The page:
An interesting last couple of weeks for the Retail Industry.
"First off the sudden termination it seems of the "Nosh Food Markets" in Auckland."
I say "it seems" as the apparent demise may not be quite all over, but the death throes are certainly apparent. The group of Nosh stores was owned by Veritas Group who also owns the Mad Butcher group and did own a few pubs. The latter were closed some time ago and the company dispensed with Nosh to an Australian Group right on Christmas last year. We wrote about the sale at the time and didn't rate the survival potential. All that aside, the disappointing aspect of this sale and the subsequent and apparent decline of the brand, is that it seems the suppliers to the brand have been left high and dry. Veritas apparently sold the brand and stores to the new buyer on the basis of the latter taking over the debt to existing suppliers.
I am not sure exactly how you can transfer a business debt without the "buy in" of all parties, but certainly the arrangement has left a bad taste in the mouths of suppliers who have it seems not been able to recover their debt. In any event most Nosh stores have closed with doubt about their long term future and potential resurrection. It also says nothing about the way the group selected their locations and the need when selecting sites to ensure they are exposed to good traffic flows and has adequate car park numbers. Nothing will kill a business more than customers who can’t easily access the site.
"Meanwhile, war it seems has been declared on the Shopping Centre Industry."
The acquisition by Amazon of a major USA food chain has started the rumours that Shopping Centres are closing and the industry is in disarray. Locally, on the domestic market, questions are being asked about the survival of a number of smaller centres in this country.
First of all, as I said to one of the RCG team recently, the Retail Industry really is a "Merry Go Round". How come? Well take the Amazon situation. They have undoubtedly been the pioneers of the online trading industry. Primarily, they started with the sale and distribution of books and movies (DVDs). The latter has all but collapsed, but books and kindles still form a large chunk of customer interest. The move by Amazon into Australia has focussed attention on the sustainability of certain retail types, hence shopping centres. So why have Amazon purchased a major food retailer? Simple, they see the need for bricks and mortar and the purchase then gives them a distribution network. The company cannot guarantee deliveries if they don't have a well-bred range of distribution outlets.
So does all this mean that we will have our Supermarket goods delivered by the Amazon Format? That could happen, but by then I will probably be feeding the vegetables!!! How much of a threat is it? No more than what Retailers want the threat to be and from my perspective, I see that this acquisition signals the need for Bricks and Mortar. It’s all good for the industry. Amazon wants the purchase to succeed like any other retailer.
Meanwhile, it’s ironical in our domestic market, that we see new retail development at Sylvia Park in Auckland by Kiwi Property, potentially a new development in Newmarket Auckland by Scentre Group, a new major development of Pakuranga Shopping Centre in Auckland. All three owners and developers are plotting the introduction of new International Retailers to each centre, with an extension of each into "mixed use". So do I fear for the downfall of shopping centres? Not at all. However, there are "category B or C” shopping centre owners who have failed to improve their centres and have been left with potentially derelict centres. It was not the fault of anything but the inability of the respective owners to look ahead, and most importantly maintain a "partnership" with its tenants. That's the key for the future, nothing more nothing less.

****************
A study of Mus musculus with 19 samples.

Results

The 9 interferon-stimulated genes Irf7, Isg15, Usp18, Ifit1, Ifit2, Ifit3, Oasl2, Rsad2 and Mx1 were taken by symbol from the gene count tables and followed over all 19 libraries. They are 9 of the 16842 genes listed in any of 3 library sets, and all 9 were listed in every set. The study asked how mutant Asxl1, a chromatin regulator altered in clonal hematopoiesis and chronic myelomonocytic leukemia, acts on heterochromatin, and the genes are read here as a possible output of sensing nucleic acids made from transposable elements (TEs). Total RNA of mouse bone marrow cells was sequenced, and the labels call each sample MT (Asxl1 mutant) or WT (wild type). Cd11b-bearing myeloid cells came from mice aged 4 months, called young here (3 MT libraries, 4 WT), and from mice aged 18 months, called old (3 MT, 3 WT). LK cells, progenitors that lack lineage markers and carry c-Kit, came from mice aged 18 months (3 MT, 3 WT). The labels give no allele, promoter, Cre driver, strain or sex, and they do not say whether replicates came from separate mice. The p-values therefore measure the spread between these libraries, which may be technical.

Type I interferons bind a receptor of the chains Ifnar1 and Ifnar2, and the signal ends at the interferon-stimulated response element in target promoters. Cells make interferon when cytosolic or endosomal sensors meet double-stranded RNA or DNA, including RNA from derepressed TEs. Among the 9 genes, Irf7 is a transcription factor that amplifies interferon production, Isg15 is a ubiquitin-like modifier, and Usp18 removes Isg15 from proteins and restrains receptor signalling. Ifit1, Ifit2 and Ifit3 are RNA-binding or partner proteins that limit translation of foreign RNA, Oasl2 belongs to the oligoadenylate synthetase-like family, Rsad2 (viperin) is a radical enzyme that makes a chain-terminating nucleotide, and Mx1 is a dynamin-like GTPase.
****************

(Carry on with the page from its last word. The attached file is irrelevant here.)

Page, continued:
Sharewatch | Argosy
Like most NZX property companies, Argosy has had a good year. Their $1.44 billion portfolio returned $99.5 million in net property income, very slightly from the prior year. Argosy also received a $42 million revaluation boost, helping net assets per share go from $1.00 cents to $1.06.
Occupancy and weighted average lease terms remained at satisfactory levels – a key strength of the listed property sector generally. Argosy’s portfolio is heavily weighted to Auckland (70%), followed by Wellington (25%), with just 5% in other locations. However, it is diversified by sector, with office and industrial making up the majority of the portfolio, and retail properties 22% by value.
In terms of outlook, Argosy are positive, with no major danger signs at present. The Auckland and Wellington office markets are strong, and they have little exposure to retail so are not worried about Amazon and others. Tighter lending conditions, and higher construction costs, are having an impact on developers, so they see positive signs for rental growth.
In the Press
About 90 per cent of all computer currency Bitcoin transactions take place in China as people use it to transfer money out of the country, according to property researcher Brendan Keenan with Whillans Realty.
It's lunchtime on the shortest day of the year. Winter sunshine has lured office and construction workers, shoppers and tourists onto the streets of central Christchurch's retail precinct.
New Zealand's apartment fire regulations 'best in the world' - but too many apartment blocks have cut corners
A lack of "passive" fire-stop measures and lazy building managers are a worse risk to New Zealand apartments than risky cladding, experts say.
A planned $100 million luxury hotel complex near Skyline's gondola marks a Queenstown comeback for an American developer.